George and Laura, Ehud and Aliza


The two couples, George and Laura Bush and Ehud and Aliza Olmert, were strangers. They spent a couple of hours privately in the White House getting to know each other.

Did they discuss the weather, how muggy Washington differs from dry Jerusalem? British diplomats in Washington get tropical pay. It was an unusually comfortable spring day in May, and the two couples were able to enjoy an interlude on the White House porch.


Did they discuss George Bush’s concept of bringing democracy to the Mideast? If they did it must have been short-lived. Democracy has brought bloody chaos to Iraq and a terrorist-dominated parliament to Ramallah.

Did they discuss the Palestine Anti-Terrorism Act, which the House of Representatives had just passed by an eight to one margin?

I doubt it because both knew that it was a farce.

Both knew that the Senate version, which was totally different, would prevail.

The rhetoric on the House bill, labeled H.R. 4681, was against Hamas but, by tying the terrorists to the Palestine Authority, headed by Mohammed Abbas, the act would hobble the administration’s ability to help the Palestine Authority.

The House version recalled George Bush’s Road Map of 2003 without mentioning it. The bill called on the Palestinians to end all violence unequivocally. But the Road Map was two-sided. Palestinian actions must be matched with Israeli actions.

The Road Map, to which all sides still give lip service, calls on Israel to “immediately dismantle settlement outposts erected since March 2001” and “freeze all settlement activity (including natural growth of settlements).”

Peace Now has counted 102 outposts erected in the West Bank since March 2001. And the large settlement blocks adjacent to Israel will be enlarged, not frozen, when Ehud Olmert’s plans go into effect in a year or two.

George Bush’s Road Map of 2003 was effectively killed a year later when he gave his hekhsher to the large settlements adjacent to Israel. .

AIPAC revived the Palestinian provisions of the Road Map with no quid pro quo from Israel and without the customary provision for presidential waiver in the national interest. They got a few sponsors for the bill, which was introduced in the House on Feb. 1.

Heavy lobbying for co-sponsors was carried on by AIPAC for three and a half months. What AIPAC wants AIPAC gets. Robert Wexler came aboard on March 14, preceded by Clay Shaw on Feb. 28. Judith Biggert waited until May 9. The final count was 295 co-sponsors, and the vote on the bill was an overwhelming 361-27.

The few congressmen who turned down AIPAC’s aggressive lobbyists were called “supporters of terrorists. Rep. Bette McCullum, one of the two members of the House International Relations Committee who dared vote against AIPAC’s bill, strenuously objected to the insulting label. She wrote a letter in April to Howard Kohr, AIPAC’s executive, demanding an apology. Six weeks later, Gary Ackerman of New York, one of the original co-sponsors of the bill, brought them together and they made shalom.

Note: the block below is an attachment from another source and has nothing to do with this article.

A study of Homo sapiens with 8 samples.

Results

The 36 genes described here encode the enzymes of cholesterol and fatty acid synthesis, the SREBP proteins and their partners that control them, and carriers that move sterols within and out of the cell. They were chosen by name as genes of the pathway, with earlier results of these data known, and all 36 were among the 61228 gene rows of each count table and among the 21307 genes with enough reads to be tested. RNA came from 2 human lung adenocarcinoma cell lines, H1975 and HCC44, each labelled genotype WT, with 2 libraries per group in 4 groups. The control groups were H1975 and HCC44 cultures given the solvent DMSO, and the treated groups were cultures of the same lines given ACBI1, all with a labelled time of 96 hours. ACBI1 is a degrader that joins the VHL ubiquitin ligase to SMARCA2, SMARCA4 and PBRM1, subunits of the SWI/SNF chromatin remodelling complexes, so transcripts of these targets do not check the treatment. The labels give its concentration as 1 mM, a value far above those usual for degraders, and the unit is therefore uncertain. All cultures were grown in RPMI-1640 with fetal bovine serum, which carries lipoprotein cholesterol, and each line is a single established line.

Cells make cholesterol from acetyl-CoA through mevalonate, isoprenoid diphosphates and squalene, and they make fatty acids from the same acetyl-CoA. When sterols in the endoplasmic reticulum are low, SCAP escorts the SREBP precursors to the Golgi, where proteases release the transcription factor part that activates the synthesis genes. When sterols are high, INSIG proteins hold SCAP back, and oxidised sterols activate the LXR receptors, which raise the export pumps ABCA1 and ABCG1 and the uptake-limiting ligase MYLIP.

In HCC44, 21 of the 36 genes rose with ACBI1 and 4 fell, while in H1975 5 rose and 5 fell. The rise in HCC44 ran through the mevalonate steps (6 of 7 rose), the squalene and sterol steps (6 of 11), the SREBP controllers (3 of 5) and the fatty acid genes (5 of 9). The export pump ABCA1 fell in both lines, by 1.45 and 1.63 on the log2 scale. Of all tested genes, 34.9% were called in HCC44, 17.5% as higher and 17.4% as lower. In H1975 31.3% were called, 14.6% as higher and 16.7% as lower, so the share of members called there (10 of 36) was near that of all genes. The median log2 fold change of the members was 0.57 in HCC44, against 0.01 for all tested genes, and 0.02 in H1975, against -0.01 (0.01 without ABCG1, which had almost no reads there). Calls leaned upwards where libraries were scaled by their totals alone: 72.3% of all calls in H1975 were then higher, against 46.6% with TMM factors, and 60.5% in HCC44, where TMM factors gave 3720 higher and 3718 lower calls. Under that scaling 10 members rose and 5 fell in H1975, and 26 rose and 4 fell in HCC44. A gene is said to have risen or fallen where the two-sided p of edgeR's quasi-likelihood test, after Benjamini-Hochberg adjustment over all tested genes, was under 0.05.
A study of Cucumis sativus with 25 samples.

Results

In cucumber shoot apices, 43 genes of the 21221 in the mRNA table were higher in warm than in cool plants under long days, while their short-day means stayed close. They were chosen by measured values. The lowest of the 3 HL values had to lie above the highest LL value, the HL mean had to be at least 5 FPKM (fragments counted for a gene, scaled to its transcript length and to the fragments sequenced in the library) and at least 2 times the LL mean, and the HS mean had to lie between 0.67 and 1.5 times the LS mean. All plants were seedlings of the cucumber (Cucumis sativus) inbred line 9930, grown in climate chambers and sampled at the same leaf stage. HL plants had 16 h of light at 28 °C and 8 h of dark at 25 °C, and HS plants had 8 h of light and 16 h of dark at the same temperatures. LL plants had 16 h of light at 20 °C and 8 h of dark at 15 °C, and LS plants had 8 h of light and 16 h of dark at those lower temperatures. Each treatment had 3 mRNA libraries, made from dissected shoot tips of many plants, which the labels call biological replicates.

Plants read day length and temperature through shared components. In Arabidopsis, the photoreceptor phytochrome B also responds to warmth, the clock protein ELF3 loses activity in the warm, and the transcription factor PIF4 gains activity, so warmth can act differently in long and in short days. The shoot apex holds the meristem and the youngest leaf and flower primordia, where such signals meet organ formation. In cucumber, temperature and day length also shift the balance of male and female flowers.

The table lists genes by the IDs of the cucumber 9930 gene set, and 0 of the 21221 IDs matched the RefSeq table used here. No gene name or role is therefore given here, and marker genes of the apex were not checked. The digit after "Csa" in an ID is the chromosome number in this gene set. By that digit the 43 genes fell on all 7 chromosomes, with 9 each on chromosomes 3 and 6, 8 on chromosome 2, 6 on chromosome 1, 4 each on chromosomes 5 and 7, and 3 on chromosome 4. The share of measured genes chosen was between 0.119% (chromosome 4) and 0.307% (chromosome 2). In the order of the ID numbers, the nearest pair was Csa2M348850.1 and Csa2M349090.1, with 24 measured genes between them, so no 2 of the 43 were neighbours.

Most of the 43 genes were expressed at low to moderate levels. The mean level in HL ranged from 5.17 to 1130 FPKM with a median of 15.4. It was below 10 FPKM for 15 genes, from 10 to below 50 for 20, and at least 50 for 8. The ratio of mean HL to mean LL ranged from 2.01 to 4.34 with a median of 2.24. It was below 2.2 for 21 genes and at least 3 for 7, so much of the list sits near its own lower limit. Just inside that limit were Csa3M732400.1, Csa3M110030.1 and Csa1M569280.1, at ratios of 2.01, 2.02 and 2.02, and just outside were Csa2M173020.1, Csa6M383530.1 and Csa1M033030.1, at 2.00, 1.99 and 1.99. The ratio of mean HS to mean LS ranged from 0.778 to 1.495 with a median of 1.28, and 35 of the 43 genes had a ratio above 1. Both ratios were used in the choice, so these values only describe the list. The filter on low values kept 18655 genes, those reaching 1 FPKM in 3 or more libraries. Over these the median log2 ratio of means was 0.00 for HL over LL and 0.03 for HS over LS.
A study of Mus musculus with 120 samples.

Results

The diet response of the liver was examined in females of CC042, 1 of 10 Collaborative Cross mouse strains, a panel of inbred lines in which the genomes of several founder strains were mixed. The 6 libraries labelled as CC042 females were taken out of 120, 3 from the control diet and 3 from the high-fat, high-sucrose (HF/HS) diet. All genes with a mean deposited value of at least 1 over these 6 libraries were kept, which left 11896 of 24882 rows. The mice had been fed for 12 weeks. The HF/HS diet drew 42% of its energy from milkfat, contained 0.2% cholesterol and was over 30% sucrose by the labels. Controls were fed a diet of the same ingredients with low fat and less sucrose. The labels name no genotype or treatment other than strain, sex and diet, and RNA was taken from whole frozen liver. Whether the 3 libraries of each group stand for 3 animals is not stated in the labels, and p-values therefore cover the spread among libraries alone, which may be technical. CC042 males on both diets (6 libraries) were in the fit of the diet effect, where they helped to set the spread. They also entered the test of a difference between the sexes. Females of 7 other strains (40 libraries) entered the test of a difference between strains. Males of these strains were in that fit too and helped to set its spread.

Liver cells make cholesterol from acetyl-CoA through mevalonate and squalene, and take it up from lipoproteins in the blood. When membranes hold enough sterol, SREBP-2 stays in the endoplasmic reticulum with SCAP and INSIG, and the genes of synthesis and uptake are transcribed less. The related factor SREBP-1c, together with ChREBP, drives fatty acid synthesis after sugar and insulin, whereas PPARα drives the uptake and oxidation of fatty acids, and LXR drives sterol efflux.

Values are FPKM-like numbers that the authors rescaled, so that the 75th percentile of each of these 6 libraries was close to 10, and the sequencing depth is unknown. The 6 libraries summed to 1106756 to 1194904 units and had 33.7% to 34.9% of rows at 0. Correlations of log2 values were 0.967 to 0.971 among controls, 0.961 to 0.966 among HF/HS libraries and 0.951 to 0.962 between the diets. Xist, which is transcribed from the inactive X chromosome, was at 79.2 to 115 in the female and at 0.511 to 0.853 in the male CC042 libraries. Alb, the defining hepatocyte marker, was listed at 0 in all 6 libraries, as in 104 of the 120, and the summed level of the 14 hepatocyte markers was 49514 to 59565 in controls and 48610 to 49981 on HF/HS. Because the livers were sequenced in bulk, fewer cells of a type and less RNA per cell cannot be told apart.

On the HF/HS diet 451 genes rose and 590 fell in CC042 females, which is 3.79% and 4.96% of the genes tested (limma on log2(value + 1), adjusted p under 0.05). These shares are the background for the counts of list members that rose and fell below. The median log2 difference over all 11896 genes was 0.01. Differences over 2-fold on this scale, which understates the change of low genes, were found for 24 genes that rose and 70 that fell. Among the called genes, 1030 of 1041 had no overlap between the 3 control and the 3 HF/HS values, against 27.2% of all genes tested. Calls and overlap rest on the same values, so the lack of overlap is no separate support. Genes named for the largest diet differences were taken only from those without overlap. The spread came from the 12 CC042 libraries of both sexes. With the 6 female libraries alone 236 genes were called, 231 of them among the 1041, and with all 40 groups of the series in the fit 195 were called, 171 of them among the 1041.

Did the 361 representatives who voted for the bill know what they were voting for? Of course they did. The Israel Policy Forum had sent an analysis of the bill to every representative. The IPF said:

“We need to l) secure U.S. influence in the region, 2) promote the security of Israel, 3) advance Prime Minister Olmert’s goal of ‘disengagement’ from the Palestinian areas and 4) promote negotiations. This legislation works against each of these goals.”

This was clear enough. But the congressmen had an out. They knew that the Senate version, S. 2370, met most of IPF’s objections and more. The House bill would never become law. So why antagonize AIPAC by voting against it and be labeled a “supporter of terrorists.”

The Senate bill, which will probably be voted on before this column goes to press, among other things permits the administration to deal with Mohammed Abbas. Most important to me, according to Americans for Peace now which opposed the House version and supports the Senate bill, it adds a $20 million fund for the secretary of state “to support through Palestinian and Israeli organizations the promotion of democracy, human rights, freedom of the press, and non-violence among Palestinians, and peaceful co-existence and reconciliation between Israelis and Palestinians.”

I have been supporting peaceful coexistence organizations for years. I will welcome the assistance of the secretary of state.

As for AIPAC, it writes disingenuously in its latest update: “Thank your representative for supporting PATA and urge your senators to vote for its Senate companion.” The vast difference between the two “companions” is brushed under the rug.

Another AIPAC imbroglio ends with the addition of a $20 million fund for organizations that AIPAC dislikes. I hope that it is not eliminated it by amendment or taken out by the House/Senate conferees after the Senate passes S. 2370.